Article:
UFC light heavyweight Jon (Bones) Jones displayed superior speed and striking skills last Saturday in New Jersey as he subdued an audacious foe. Then, a few hours later, he entered the Octagon and beat the bejesus out of his opponent to become the youngest belt holder in UFC's 17-year history.
This is an article from the March 28, 2011 issue
In keeping with his prefight routine, Jones, 23, was meditating in a Paterson, N.J., park on Saturday afternoon, a few hours before his much-anticipated UFC 128 title fight against Mauricio (Shogun) Rua. Jones's reverie was interrupted when he heard an elderly woman cry out that her car had been broken into. Along with his coaches, Jones gave chase. When Jones caught up with the thief, he used a footsweep to drop him to the ground. Then, while waiting for police to arrive, Jones delivered a lecture on the evils of crime.
Neither shaken nor stirred, Jones returned to meditating. Then he more or less replicated his performance later that night at Newark's Prudential Center. Relying on superior size and athleticism, the 6'4" Jones dominated Rua with a tasting menu of kicks, punches, knees and elbows. After the ref mercifully stopped the fight in Round 3, UFC president Dana White wondered aloud, "What else could a guy do in a day?"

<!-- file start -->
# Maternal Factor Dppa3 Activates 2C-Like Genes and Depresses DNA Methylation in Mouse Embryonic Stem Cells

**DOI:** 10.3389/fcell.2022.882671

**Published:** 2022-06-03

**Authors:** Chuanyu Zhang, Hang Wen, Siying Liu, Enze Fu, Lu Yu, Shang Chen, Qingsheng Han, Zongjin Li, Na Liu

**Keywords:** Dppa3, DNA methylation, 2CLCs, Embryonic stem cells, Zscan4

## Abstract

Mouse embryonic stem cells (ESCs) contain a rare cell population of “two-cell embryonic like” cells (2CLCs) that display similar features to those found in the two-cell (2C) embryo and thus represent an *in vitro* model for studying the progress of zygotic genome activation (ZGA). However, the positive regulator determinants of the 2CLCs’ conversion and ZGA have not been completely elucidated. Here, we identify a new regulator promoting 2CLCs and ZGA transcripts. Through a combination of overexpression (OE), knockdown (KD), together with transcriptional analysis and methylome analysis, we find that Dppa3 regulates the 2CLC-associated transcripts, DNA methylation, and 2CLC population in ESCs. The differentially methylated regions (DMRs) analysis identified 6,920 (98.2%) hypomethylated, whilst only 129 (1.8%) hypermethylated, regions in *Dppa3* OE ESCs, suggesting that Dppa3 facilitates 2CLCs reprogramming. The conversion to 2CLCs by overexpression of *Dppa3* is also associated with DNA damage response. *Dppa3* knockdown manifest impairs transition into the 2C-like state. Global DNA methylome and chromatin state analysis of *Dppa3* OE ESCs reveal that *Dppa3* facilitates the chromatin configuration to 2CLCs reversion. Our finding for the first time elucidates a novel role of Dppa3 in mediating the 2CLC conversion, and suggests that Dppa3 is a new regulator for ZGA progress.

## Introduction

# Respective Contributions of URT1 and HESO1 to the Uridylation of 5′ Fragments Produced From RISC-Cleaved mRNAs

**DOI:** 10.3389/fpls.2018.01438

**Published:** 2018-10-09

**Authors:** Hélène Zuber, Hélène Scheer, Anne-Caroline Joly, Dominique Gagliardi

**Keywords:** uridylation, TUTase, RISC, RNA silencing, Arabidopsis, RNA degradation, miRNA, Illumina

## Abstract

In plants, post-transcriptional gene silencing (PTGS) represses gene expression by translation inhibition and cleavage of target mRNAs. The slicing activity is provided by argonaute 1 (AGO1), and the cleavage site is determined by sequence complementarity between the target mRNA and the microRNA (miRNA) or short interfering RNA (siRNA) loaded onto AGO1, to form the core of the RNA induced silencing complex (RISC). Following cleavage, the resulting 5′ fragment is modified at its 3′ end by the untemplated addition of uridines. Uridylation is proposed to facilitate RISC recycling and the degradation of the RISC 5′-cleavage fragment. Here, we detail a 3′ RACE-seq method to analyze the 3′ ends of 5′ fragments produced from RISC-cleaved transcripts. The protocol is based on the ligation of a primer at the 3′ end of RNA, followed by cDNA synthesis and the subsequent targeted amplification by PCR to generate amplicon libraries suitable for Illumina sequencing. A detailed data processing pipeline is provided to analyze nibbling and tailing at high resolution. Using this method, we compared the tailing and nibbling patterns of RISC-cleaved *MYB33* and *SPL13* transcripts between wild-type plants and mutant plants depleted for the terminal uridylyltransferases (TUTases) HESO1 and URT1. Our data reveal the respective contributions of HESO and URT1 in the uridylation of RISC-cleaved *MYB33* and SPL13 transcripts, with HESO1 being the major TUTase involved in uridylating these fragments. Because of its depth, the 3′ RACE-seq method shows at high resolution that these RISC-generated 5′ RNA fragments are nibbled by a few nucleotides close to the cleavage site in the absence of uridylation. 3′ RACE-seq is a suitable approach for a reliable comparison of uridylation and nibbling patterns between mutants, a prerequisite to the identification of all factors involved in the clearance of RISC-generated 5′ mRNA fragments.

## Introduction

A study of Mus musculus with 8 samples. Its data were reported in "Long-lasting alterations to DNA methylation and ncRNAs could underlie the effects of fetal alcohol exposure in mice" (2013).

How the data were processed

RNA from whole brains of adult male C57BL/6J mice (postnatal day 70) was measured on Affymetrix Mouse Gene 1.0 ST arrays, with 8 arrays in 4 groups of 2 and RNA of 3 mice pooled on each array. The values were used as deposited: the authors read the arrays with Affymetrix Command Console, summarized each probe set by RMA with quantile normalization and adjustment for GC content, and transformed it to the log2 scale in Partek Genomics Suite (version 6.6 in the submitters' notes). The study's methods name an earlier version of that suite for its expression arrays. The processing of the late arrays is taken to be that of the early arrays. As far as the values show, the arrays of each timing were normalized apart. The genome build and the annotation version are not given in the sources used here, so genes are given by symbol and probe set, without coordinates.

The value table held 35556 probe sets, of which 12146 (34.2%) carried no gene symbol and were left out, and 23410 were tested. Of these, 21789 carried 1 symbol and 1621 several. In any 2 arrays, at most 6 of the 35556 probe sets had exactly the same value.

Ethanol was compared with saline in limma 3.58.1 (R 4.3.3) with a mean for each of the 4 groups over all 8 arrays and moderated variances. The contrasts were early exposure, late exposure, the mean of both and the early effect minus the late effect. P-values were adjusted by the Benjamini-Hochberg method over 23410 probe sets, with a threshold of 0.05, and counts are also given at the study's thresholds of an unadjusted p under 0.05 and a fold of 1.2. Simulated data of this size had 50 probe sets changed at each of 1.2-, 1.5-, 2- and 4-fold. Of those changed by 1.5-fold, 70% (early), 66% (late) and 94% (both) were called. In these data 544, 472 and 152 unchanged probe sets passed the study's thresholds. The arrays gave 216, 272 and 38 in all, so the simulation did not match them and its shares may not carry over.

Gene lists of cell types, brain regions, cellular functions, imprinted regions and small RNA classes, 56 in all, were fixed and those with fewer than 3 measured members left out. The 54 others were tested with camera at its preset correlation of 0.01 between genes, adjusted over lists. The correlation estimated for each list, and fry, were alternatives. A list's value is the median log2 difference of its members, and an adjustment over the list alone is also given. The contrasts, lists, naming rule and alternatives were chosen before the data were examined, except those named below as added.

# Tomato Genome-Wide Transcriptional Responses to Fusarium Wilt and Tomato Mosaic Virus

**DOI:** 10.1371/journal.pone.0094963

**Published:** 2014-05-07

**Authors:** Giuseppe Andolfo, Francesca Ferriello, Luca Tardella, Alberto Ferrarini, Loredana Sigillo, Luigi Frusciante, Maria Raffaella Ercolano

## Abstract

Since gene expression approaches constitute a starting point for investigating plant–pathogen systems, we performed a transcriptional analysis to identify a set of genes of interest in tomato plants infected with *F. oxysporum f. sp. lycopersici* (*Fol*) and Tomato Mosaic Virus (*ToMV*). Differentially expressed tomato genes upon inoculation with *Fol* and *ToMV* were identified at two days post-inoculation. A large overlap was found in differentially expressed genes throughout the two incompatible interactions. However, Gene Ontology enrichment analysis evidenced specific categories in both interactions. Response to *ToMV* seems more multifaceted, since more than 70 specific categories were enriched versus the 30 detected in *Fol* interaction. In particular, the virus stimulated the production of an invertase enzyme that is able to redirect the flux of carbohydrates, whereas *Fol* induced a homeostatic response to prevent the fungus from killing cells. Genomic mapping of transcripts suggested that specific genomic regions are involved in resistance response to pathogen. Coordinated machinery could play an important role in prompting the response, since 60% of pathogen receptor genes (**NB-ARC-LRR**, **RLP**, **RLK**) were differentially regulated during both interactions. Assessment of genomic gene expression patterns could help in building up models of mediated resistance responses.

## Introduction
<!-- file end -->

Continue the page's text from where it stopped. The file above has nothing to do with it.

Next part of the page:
Apart from his superhero deeds, Jones is also an exemplar of the UFC's growing influence. An outstanding athlete who grew up in upstate New York, Jones figured to emulate his brothers and play football—Arthur, 24, is a Ravens defensive tackle; Chandler, 21, plays defensive end for Syracuse. He was drawn instead to MMA and often taught himself techniques via YouTube. A pro since 2008, he has lost only once—a DQ—and is suddenly the sport's hottest star. Next, he will defend his belt against Rashad Evans, a former training partner. When a date and place is announced—well, evildoers in the area had better beware!
SIGN OF THE APOCALYPSE
In a wrongful-termination suit filed by former Clippers VP Elgin Baylor against his ex-team, L.A. owner Donald Sterling testified that he'd been unaware of Baylor's NBA career—the former Laker was an 11-time All-Star and first-ballot Hall of Fame inductee—when he hired Baylor in 1986.